Hunger and fear plague Afghans in historic Bamiyan Valley

By Salaam Times and AFP


In this picture taken on October 3, Hazara children walk to a river from their village near the cliffs pockmarked by caves where Afghans still live as they did centuries ago in Bamiyan. [Bulent Kilic/AFP]

BAMIYAN -- They have long survived hand to mouth, but since the Taliban conquered the Bamiyan Valley, rural Afghans living in its mountainside caves have been left weak from hunger and fear.

Known as one of the most beautiful regions in Afghanistan, the rugged, central valley is home to several hundred families living in caves that were carved into sandstone cliffs by Buddhist monks in the fifth century.

The community is among the poorest in the country, and the Taliban takeover in August has only exacerbated their hardship, with international aid cut off, food prices rising and unemployment spiking.

They live a few kilometres from where the valley's giant Buddha statues once stood, before they were dynamited by the Islamist group when they were last in power two decades ago.


On October 3, a Hazara girl looks out of a window of her cave on a cliff in Bamiyan. [Bulent Kilic/AFP]

Fatima said her cave partially collapsed during heavy rains a year and a half ago, leaving the 55-year-old and three family members crammed into a tiny cavern measuring just 6 sq. metres.

"We won't eat tonight. And winter is almost here. We have nothing to keep warm," she said, her face partially covered by a black veil.

"We live in misery and misfortune."

'I come back with nothing'

Daily wage labourers and porters no longer bring home the little money they once did to settle rumbling stomachs.

Only the harvesting of potatoes has continued -- the single crop that can be grown in the area at an altitude of 2,500 metres.

"I go to the Bamiyan bazaar every morning, but I come back with nothing," said Mahram, a 42-year-old bricklayer.

"When there was work, I made 300 AFN ($3.33) per day."

Now the family is surviving by sending its children to help harvest potatoes.

"The farmers give them some instead of salaries," Mahram said. "That is all we have, with a bit of bread."

"But in 10 days, the harvest will be over, and we will really be hungry. People will die."

Like most people living in the region, the families are Hazara, a mainly Shia ethnic minority that has been marginalised and persecuted in Afghanistan for centuries.

The takeover of the country by the Taliban, made up of Sunni hardliners who see the community as heretics, has caused panic.

"It is very frightening," said Amena, a 40-year-old mother of five children.

"But they have not come, and will probably not come all the way up to where we are."

Amena parted the curtain at the entrance to her cave to reveal a platform carved into the rock topped with two cushions, a threadbare carpet and a rickety wood-burning stove that has covered the ceiling with a thick layer of soot.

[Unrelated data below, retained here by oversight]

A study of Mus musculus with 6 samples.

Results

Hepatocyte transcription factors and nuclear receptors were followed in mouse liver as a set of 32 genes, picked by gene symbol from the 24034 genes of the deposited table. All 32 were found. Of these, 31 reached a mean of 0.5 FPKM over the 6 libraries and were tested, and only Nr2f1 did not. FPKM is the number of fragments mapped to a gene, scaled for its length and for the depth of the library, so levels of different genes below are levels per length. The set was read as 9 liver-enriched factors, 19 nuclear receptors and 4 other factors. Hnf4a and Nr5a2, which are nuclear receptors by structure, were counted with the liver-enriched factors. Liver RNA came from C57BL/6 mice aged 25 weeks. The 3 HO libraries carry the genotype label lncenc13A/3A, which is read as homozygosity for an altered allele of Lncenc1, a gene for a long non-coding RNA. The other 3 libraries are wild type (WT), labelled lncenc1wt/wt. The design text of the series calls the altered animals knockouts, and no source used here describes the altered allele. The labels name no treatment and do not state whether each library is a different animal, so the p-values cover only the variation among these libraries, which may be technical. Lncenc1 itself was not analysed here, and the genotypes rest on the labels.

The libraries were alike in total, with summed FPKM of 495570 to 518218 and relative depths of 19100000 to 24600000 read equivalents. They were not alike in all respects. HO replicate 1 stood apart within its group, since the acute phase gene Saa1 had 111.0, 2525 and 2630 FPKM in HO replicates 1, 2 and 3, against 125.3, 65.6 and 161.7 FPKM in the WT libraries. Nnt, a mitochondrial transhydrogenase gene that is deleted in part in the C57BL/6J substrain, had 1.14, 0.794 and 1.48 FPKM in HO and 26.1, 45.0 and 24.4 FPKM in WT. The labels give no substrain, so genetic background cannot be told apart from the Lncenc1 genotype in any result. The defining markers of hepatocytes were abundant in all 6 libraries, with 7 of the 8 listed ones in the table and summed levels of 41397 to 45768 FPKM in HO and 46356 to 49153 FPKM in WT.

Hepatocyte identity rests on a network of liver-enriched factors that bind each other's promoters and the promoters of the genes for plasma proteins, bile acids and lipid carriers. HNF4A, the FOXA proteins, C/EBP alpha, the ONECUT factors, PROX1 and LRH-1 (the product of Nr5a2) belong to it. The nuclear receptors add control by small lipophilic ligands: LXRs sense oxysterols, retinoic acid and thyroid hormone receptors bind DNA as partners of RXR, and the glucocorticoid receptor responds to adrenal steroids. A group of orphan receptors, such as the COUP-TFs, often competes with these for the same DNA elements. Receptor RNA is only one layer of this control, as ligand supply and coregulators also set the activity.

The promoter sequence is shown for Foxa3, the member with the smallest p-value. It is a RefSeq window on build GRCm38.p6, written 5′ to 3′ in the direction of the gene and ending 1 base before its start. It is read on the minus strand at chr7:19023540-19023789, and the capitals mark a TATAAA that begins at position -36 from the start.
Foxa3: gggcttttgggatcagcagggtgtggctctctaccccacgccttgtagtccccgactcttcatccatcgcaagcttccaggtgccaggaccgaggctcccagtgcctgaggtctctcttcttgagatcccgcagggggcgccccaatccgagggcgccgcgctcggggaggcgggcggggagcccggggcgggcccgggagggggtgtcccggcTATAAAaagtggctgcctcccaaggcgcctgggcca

Near the doorway lay a bundle of potato branches, the family's only fuel.

"Wood is too expensive," she said.

There has never been electricity in the area, and collecting water requires three long trips down to the river in the valley each day.

The deputy chief of the local council, 25-year-old Saifullah Aria, said the situation is dire.

"Here, people are poor. Very poor," he said.

"They usually make 100–200 AFN ($1.11–$2.22) a day, but for the past six weeks, with the Taliban, they've made nothing."

Most eat just one meal a day of potato and bread, he said.

Aria added that he has never seen non-governmental organisations reach the valley, and that his pleas for help from the local Bamiyan authorities have gone unanswered.

"With the cold coming soon, the weakest here will die, that is for sure."

Taliban responsibility

Those in Bamiyan are not the only ones at risk.

Afghanistan is at risk of "imminent hunger" with winter approaching and services disrupted by the return to power of the Taliban, Natalia Kanem, executive director of the United Nations Population Fund (UNFPA), warned in an interview with AFP.

"It would not be an exaggeration to say" that at least a third of Afghanistan's population of about 38 million is affected by "imminent hunger," Kanem said September 25.

Harsh winters, disrupting the ability to transport supplies to isolated areas of the mountainous country, plus the coronavirus pandemic will aggravate an already complicated situation, she added.

"There is a lot of anxiety over how we're going to deliver health care, where the next meal is going to come from," Kanem told AFP from the UNFPA headquarters in New York.

Going forward, providing jobs and resolving social problems are the responsibility of the Taliban, said Faiz Mohammad Ahrary, a political activist in the Ghor provincial capital of Firoz Koh.

"If the Taliban do not normalise their relations with the world community and cannot ensure resumption of the international community's assistance to Afghans, the country will face a human catastrophe," he said.

Unemployment and poverty in Afghanistan have increased already, and this risk must be taken seriously, he said.